The top 10 most desolate places in the north east

Lord Howell of Guildford has suggested the "desolate" north east would be the perfect place for fracking, and you can really see what he means.

The Conservative peer Baron Howell of Guildford, father-in-law to the Chancellor George Osborne, has made a strong case in favour of limiting shale gas fracking to "the large" and "desolate" areas of the UK. He suggested it would be "a mistake to think of and discuss fracking in terms of the whole of the United Kingdom in one go", suggesting the north east might be a reasonable possibility.

And you can see what he means. A nation's economy doesn't run on thin air after all. Somebody has to pay the price. Why not those feckless, scrounging wildings in the north east? They don't even like their surroundings, unlike those who recently put a stop to any suggestion of fracking in the home counties. I mean, just look at the desolation! How could they?

Yuk. Desolation near Bamburgh, Northumberland.

Boys, get your drills. The Middlesbrough Institute of Modern Art. Photograph: John Lord.

I can feel the bile rising. Alnmouth. Photograph: Andy Hawkins.

Everything the light touches is DESOLATE.

Why build a distinguished concert venue when you could have a nice hole in the ground? The Sage, Gateshead. Photograph: IntangibleArts.

The home of St Cuthbert, patron saint of the north of England. FRACKED. Photograph: Lee Bailey.

Preston Park, near Stockton-on-Tees. FRACK IT! Photograph: Justin Pickard.

This church was built on an original Roman shale gas mine. St Hilda's, Hartlepool. Photograph: Swalophoto.

Desolation by night. Baltic Centre for Contemporary Arts, Gateshead. Photograph: Gail Johnson.

Perhaps most offensive of all, the houses where those wretched northern sprites live. Robin Hood's Bay, North York Moors. Photograph: Arco Ardon.

Philip Maughan is Assistant Editor at the New Statesman.

Photo: Getty

Labour's new leader is redefining Labour for the 21st century, argues Liam Young.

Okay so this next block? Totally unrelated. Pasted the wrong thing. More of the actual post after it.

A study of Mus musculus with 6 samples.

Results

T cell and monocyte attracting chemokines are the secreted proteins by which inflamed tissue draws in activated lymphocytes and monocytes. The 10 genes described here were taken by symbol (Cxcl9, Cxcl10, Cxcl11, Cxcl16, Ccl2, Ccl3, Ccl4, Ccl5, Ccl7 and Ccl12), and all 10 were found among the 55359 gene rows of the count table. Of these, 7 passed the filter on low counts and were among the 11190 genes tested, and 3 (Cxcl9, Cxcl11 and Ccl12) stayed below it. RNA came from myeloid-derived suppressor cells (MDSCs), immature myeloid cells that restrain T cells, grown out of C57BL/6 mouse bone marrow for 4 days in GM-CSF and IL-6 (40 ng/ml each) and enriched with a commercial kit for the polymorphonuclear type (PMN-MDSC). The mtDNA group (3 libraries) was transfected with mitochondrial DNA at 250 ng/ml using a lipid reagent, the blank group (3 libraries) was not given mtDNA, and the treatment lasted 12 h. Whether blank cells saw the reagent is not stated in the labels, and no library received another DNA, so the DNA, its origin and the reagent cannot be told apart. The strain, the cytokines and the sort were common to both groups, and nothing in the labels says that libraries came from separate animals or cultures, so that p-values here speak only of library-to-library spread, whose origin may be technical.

The politics of the resurgent left comes down to one simple maxim: people are sick and tired of establishment politics. When one makes this statement it is usually met with some form of disapproval. But it is important to realise that there are two different types of people that you have this conversation with.

First there are the people I surround myself with in a professional environment: political types. Then there are the people I surround myself with socially: normal people.

Unsurprisingly the second category is larger than the first and it is also more important. We may sit on high horses on Twitter or Facebook and across a multitude of different media outlets saying what we think and how important what we think is, but in reality few outside of the bubble could care less.

People who support Jeremy Corbyn share articles that support Jeremy Corbyn - such as my own. People who want to discredit Jeremy Corbyn share articles that discredit Jeremy Corbyn - like none of my own. It is entirely unsurprising right? But outside of this bubble rests the future of the left. Normal people who talk about politics for perhaps five minutes a day are the people we need to be talking to, and I genuinely believe that Labour is starting to do just that.

People know that our economy is rigged and it is not just the "croissant eating London cosmopolitans" who know this. It is the self-employed tradesman who has zero protection should he have to take time off work if he becomes ill. It is the small business owner who sees multi-national corporations get away with paying a tiny fraction of the tax he or she has to pay. And yes, it is the single mother on benefits who is lambasted in the street without any consideration for the reasons she is in the position she is in. And it is the refugee being forced to work for less than the minimum wage by an exploitative employer who keeps them in line with the fear of deportation. 

The odds are stacked against all normal people, whether on a zero hours contract or working sixty hours a week. Labour has to make the argument from the left that is inclusive of all. It certainly isn’t an easy task. But we start by acknowledging the fact that most people do not want to talk left or right – most people do not even know what this actually means. Real people want to talk about values and principles: they want to see a vision for the future that works for them and their family. People do not want to talk about the politics that we have established today. They do not want personality politics, sharp suits or revelations on the front of newspapers. This may excite the bubble but people with busy lives outside of politics are thoroughly turned off by it. They want solid policy recommendations that they believe will make their lives better.

People have had enough of the same old, of the system working against them and then being told that it is within their interest to simply go along with it.  It is our human nature to seek to improve, to develop. At the last election Labour failed to offer a vision of future to the electorate and there was no blueprint that helped people to understand what they could achieve under a Labour government. In the states, Bernie Sanders is right to say that we need a political revolution. Here at home we've certainly had a small one of our own, embodying the disenchantment with our established political discourse. The same-old will win us nothing and that is why I am firmly behind Jeremy Corbyn’s vision of a new politics – the future of the left rests within it. 

Liam Young is a commentator for the IndependentNew Statesman, Mirror and others.